Did A Broken Heart Lead Radiohead's Thom Yorke to Finally Record "True Love Waits"?

This Sunday, Radiohead released their long-awaited ninth album A Moon Shaped Pool, and die-hard fans have been quick to point out how many of its songs we've heard before.

It's hard to ignore the fact that in 2015, Thom Yorke separated with Rachel Owen, his partner of 23 years and the mother of his two children.


Radiohead first performed "True Love Waits" in in Brussels on December 5, 1995, while the band was touring for The Bends. The arrangement primarily featured Thom Yorke playing the piece alone on the acoustic guitar, with keyboard accompaniment joining for the latter half. It's a fitting style for such an earnest, simple, lonely song, right in line with the band's similar work at the time on songs like "Fake Plastic Trees" and "Bullet Proof ... I Wish I Was." The band wouldn't perform the song live again for another five years.

During the sessions for Kid A and Amnesiac, the band attempted to record the song but ultimately scrapped the efforts. The band's producer Nigel Godrich commented in 2012, "We tried to record it countless times, but it never worked. ... To Thom's credit, he needs to feel a song has validation, that it has a reason to exist as a recording. We could do 'True Love Waits' and make it sound like John Mayer. Nobody wants to do that."

It's a surprising comparison - sure "True Love Waits" might be the band's most vulnerable and direct song ever, to the point where it might come off cheesy or saccharine in inexperienced hands, but not likely from the folks who made "Fitter Happier."

Regardless of these difficulties in the studio, the song saw its first official release on the live EP I Might Be Wrong in 2001. The stripped-down performance resembles the original Brussels take, with the keyboards removed and the second and third verses swapped.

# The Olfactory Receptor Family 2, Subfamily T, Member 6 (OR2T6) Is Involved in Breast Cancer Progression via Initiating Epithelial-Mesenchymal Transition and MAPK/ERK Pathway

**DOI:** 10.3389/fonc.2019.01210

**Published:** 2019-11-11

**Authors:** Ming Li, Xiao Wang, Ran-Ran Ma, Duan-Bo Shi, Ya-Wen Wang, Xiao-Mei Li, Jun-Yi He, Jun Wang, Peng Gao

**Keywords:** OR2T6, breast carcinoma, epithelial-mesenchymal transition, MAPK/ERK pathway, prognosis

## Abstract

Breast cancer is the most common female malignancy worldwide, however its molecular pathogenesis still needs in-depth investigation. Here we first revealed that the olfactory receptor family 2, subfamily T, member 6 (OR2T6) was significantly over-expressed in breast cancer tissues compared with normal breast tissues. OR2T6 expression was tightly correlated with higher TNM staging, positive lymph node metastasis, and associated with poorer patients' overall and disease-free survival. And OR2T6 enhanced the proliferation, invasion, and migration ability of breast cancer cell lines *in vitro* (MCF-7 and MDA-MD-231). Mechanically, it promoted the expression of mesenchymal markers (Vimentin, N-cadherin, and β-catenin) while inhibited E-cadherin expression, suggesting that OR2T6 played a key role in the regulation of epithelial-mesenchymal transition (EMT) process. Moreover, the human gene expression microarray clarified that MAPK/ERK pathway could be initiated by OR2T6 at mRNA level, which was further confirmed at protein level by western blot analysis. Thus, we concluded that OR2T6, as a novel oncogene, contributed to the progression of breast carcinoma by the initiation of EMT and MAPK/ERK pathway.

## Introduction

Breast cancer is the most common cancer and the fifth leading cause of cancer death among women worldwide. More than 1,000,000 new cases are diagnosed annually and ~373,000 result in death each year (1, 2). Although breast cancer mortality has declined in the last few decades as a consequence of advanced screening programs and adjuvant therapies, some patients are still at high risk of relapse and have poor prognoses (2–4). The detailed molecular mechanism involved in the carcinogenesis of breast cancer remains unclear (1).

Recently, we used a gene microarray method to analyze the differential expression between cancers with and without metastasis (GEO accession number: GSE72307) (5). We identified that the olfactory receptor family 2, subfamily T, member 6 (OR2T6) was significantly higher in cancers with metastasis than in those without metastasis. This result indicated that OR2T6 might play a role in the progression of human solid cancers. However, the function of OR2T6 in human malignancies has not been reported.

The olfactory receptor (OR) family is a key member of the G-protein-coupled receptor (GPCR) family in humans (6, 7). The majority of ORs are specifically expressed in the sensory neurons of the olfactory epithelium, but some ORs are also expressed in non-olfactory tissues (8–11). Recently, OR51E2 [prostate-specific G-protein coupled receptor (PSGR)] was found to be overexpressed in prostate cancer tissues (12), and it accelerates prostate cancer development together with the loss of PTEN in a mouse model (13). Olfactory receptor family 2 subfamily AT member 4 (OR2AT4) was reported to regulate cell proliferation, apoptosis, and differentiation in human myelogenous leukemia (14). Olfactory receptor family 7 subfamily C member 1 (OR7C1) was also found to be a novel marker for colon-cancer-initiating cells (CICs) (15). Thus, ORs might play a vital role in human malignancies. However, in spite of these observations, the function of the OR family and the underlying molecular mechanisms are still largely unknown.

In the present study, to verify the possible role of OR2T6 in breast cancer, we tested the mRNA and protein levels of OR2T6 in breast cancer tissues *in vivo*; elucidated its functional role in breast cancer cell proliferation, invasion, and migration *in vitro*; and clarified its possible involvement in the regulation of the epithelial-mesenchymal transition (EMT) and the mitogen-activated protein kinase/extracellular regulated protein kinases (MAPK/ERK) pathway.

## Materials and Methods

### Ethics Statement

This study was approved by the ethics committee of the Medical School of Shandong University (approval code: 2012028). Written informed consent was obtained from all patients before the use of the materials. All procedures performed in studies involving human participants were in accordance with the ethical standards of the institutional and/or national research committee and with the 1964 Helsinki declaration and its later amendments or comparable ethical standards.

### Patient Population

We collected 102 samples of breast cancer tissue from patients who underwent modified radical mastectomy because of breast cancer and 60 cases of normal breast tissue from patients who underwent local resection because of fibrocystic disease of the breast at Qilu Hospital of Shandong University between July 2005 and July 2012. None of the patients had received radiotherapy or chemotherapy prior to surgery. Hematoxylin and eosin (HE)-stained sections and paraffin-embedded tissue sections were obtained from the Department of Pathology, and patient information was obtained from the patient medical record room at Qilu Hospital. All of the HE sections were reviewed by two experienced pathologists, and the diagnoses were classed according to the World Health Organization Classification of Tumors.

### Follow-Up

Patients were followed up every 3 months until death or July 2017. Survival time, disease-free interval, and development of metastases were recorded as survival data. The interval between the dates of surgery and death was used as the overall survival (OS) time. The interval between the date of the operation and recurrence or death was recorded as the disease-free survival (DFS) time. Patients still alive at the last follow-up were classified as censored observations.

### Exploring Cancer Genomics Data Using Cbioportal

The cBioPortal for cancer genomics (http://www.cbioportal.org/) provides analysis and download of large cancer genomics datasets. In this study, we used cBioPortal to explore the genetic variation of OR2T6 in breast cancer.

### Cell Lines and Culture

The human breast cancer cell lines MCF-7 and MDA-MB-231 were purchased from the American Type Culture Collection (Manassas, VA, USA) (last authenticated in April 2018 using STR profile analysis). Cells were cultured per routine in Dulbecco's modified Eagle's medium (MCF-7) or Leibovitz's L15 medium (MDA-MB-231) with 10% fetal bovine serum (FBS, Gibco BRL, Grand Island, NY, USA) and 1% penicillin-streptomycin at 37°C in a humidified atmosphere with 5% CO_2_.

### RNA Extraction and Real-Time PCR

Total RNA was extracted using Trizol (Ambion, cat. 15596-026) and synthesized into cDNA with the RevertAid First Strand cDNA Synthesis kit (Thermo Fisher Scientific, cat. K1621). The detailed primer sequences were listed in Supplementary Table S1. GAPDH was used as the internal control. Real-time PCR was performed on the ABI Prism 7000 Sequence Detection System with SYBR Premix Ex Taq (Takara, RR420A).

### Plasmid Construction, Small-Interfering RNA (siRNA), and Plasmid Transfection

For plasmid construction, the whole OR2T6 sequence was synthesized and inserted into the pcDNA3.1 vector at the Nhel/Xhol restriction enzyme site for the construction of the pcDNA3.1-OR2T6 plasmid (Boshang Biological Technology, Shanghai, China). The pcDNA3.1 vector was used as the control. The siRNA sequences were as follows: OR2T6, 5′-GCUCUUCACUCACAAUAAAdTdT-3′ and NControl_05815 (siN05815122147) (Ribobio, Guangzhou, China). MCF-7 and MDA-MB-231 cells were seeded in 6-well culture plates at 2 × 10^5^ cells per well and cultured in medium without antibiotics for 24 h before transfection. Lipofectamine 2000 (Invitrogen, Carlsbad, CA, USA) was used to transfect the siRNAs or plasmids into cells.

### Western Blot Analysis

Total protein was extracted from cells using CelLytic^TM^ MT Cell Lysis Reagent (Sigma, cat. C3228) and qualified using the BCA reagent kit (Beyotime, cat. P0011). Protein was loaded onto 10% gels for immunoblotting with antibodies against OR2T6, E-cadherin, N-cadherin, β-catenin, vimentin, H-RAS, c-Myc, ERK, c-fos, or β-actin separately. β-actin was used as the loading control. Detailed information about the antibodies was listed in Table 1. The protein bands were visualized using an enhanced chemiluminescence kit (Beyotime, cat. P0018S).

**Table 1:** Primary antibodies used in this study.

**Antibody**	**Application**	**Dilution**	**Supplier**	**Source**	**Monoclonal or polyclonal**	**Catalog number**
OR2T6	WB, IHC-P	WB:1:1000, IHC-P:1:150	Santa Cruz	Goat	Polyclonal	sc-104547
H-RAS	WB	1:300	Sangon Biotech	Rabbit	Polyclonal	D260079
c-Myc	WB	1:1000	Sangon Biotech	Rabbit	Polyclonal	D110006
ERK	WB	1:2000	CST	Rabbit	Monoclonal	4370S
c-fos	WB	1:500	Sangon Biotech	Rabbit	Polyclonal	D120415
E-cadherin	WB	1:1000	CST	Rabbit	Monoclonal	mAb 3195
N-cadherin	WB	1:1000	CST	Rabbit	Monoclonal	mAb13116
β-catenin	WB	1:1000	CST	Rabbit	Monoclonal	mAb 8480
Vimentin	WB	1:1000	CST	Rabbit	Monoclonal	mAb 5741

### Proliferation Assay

Radiohead continued to perform the song in this form through their 2003 tour, but something changed in 2006, when the band began using the song as an intro for "Everything In Its Right Place." In this version, Yorke ditched the guitar in favor of sparse ambient electric piano, and while the vocal performance remains more or less the same, Jonny Greenwood began sampling and distorting the vocals live, not unlike the song it precedes. This is a looser, lighter take on "True Love Waits," one without the clear chord changes and forceful desperation of the acoustic version, one that somehow emphasizes the romantic quality of the lyrics rather than the loneliness. Radiohead would alternate between this version and various covers of songs like Bjork's "Unravel" and R.E.M.'s "The One I Love" to lead into "Everything In Its Right Place" through 2012.

The studio version that finally appears on A Moon Shaped Pool, now streaming on Apple Music and Tidal, sits somewhere in between the original acoustic version and this electric twist. The chord changes return, but now performed by piano, and with small additions throughout the piece that give it a renewed sense of momentum — a second, higher, more chaotic piano part after the first chorus, a blast of bass in the second verse, a crooked diddly that repeats for the latter half of the song. As such, it manages to capture what worked best about both versions - it remains the most straightforward, unpretentious, and emotionally raw composition on the album, but the nuances of this arrangement rob it of any potential sap.

But why now? What "reason to exist as a recording" does the song have today that it never did before? Perhaps this makes too many assumptions, but it's hard to ignore the fact that in 2015, Thom Yorke separated with Rachel Owen, his partner of 23 years and the mother of his two children. Yorke would have written the song shortly after meeting her, and at the time, his performance of it had a hopeful, proud character through the pained lyrics. But on A Moon Shaped Heart, he sounds resigned, isolated, lost. All this time later, the same song can apply to the same relationship, but in an entirely different light. "Don't leave," Yorke called out over and over again for 21 years, but at this point, she's already left.